By Andrea Thompson
Just when you thought it was safe to see a “Star Wars” movie…well, it gets sold to Disney like everything else. Then things really get weird, online harassment happens, people are driven off social media, and the fandom explodes when a director actually tries to do something different.
So what does that mean for “Star Wars: The Rise of Skywalker”, the film that will (supposedly) bring the new trilogy to a conclusion? The short answer is, it’s complicated. The long answer? Keep reading. While the good that’s already been established won’t be completely undone, there’s still plenty of room to regress, and at nearly two and a half hours, “The Rise of Skywalker” has time.
We already knew Emperor Palpatine (Ian McDiarmid) was set to return, and sure enough the opening credits inform us that he’s alerted the whole frigging galaxy to his presence. Leia (the late great Carrie Fisher, RIP), has dispatched Poe (Oscar Isaac), Finn (John Boyega), and Chewbacca (Joonas Suotamo) to investigate, while still running the Rebellion and also training Rey (Daisey Ridley) to be a Jedi. Does this woman ever relax?
Walt Disney Studios
Anyway, they aren’t the only ones looking of course. Kylo Ren (Adam Driver) is now the firmly established Supreme Leader of the First Order. He’s still got that tormented look that’s melted many a fan’s heart though, only this time it’s while he’s surrounded by the bodies of his freshly murdered victims in his quest to end Palpatine and the threat to his power. Only it turns out Palpatine’s got a cult of followers who worship him, and most importantly, a fleet of ships, each of which is capable of blowing up a planet. And since Kylo never seems to have gotten over those daddy issues, he decides to accept Palpatine’s offer of help, even if he doesn’t intend to obey his order to kill Rey.
Yes, Reylo fans will have a lot to like. The relationship between Rey and Kylo, and their increasingly romantic tension, isn’t just a major plot point in “The Rise of Skywalker”, it’s pretty much the focus of it. In better times, it would be its heart, but the movie crams so much into a pace that soon becomes breakneck rather than brisk, the emotional core becomes somewhat lost. Instead, Rey and Kylo circle each other as Kylo attempts to track Rey down and bring her to the dark side. The timing for this was never going to be good, but it’s worse than usual, since Rey might not just be nobody after all, and is having some very disturbing visions of her past and future.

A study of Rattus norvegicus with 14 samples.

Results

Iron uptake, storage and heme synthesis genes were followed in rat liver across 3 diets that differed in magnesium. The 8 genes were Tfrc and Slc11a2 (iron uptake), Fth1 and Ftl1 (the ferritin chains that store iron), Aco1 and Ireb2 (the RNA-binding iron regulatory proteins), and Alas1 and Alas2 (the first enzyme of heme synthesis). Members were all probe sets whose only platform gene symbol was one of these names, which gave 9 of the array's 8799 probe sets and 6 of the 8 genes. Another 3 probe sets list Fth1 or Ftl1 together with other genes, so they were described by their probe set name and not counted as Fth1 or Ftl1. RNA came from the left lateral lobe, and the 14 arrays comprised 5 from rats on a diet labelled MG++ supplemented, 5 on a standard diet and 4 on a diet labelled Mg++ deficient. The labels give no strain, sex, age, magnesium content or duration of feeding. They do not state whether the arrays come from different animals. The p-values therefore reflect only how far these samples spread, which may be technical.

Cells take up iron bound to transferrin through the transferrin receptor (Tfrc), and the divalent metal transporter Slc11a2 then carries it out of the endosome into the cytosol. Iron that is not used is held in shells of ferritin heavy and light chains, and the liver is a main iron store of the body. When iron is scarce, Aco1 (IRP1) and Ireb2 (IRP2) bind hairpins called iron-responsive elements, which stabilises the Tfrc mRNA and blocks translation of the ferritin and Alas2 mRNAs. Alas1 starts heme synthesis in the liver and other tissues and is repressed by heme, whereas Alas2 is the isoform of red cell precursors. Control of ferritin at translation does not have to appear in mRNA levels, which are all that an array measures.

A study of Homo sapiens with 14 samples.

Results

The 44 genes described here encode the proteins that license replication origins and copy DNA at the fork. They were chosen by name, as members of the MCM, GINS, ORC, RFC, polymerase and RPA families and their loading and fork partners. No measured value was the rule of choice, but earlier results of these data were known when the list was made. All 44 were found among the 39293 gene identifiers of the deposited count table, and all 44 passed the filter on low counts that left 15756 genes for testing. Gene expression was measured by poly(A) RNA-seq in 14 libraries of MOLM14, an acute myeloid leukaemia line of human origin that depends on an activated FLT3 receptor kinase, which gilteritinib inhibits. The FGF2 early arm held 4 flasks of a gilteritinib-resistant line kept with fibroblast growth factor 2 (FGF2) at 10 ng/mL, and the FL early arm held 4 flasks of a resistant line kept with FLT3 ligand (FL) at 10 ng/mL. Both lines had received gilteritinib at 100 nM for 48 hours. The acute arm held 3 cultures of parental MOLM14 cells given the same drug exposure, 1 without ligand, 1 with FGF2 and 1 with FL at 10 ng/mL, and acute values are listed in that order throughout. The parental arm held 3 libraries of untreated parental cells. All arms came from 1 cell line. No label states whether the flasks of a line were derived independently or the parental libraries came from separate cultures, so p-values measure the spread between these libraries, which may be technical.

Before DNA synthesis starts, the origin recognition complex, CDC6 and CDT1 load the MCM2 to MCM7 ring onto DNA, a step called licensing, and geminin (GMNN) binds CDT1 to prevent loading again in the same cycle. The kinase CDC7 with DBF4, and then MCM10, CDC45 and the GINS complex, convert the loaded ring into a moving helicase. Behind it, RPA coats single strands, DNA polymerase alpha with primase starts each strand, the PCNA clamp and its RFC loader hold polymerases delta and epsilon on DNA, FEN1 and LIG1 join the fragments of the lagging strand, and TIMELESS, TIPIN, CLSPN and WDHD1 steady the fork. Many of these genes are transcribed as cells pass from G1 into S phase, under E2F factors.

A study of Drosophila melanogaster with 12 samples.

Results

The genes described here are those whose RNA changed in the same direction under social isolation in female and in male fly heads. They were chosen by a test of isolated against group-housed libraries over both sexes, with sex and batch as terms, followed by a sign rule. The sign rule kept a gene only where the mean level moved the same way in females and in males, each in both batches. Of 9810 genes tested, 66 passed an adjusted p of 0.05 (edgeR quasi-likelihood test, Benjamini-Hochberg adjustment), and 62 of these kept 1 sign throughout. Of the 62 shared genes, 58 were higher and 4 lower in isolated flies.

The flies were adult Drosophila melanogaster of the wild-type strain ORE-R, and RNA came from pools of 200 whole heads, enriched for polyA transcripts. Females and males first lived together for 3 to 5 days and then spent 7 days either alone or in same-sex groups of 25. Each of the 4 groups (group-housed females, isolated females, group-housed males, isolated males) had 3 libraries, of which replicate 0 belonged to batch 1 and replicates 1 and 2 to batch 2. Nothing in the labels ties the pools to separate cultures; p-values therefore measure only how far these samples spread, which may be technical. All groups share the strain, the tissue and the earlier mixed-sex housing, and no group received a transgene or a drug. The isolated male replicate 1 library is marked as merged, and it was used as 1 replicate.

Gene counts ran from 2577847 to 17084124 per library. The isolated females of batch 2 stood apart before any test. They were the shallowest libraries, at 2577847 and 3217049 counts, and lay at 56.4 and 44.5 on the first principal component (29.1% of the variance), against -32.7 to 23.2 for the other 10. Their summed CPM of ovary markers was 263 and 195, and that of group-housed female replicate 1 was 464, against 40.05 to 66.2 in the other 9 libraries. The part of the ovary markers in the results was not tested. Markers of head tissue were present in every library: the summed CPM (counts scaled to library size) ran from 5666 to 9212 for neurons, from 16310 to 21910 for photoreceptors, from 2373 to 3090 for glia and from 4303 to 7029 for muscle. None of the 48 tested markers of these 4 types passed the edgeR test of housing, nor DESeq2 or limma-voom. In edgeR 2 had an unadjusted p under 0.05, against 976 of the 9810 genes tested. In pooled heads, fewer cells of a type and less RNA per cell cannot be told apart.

Needless to say, fans are catered to. “Rise of Skywalker” keeps the action coming, which is at times enjoyable, other times not so much. Plot point after plot point is rushed through, from Leia briefly training Rey, a group of former stormtroopers who were stolen as children, to Poe’s shady background, none of it is given the time and attention it deserves, and would’ve been possible too, over the course of, say, a trilogy. As for the Force itself, it’s pretty much reduced to a lazy screenwriting shortcut. By the time the climactic confrontation arrives, there’ve been so many baffling plot turns full of holes that effects take over where characters and emotional stakes should’ve been at their height.
Walt Disney Studios
Most insidious of all is how much the female characters get cheated. To the movie’s credit, Rey’s vision of herself as a Sith isn’t due to gender, which is refreshing in an era where powerful female characters seem obligated to have some sort of mental breakdown. Rather, it’s because Rey must face the same temptations every Jedi has. Yet she and most of the other women are mostly shoved aside, or have a distressing habit of continuing the “Star Wars” legacy of great female characters dying on behalf of their men. This would be disappointing under the best of circumstances, but it’s pretty disturbing when it’s coupled with a fandom with such a history of toxicity towards women.
And like all negativity that goes unaddressed, it ends up wreaking havoc on everyone. Throughout “Star Wars: The Rise of Skywalker”, you’ll keep waiting for that moment. The one where your favorite characters are fighting evil, battling to overcome impossible odds, or just together, whether they’re fresh from victory or defeat. But that lump in your throat, that ache in your heart that could only result from such beloved fictions becoming something more real, it never comes. Even if the new characters are the focus, they simply aren’t given the same care as their predecessors. They were worthy successors to take over a franchise hungry for new faces, more hope in a world that seems to become more frightening by the day, but they simply never got the chance to really come into their own. Perhaps we simply have to look elsewhere for that.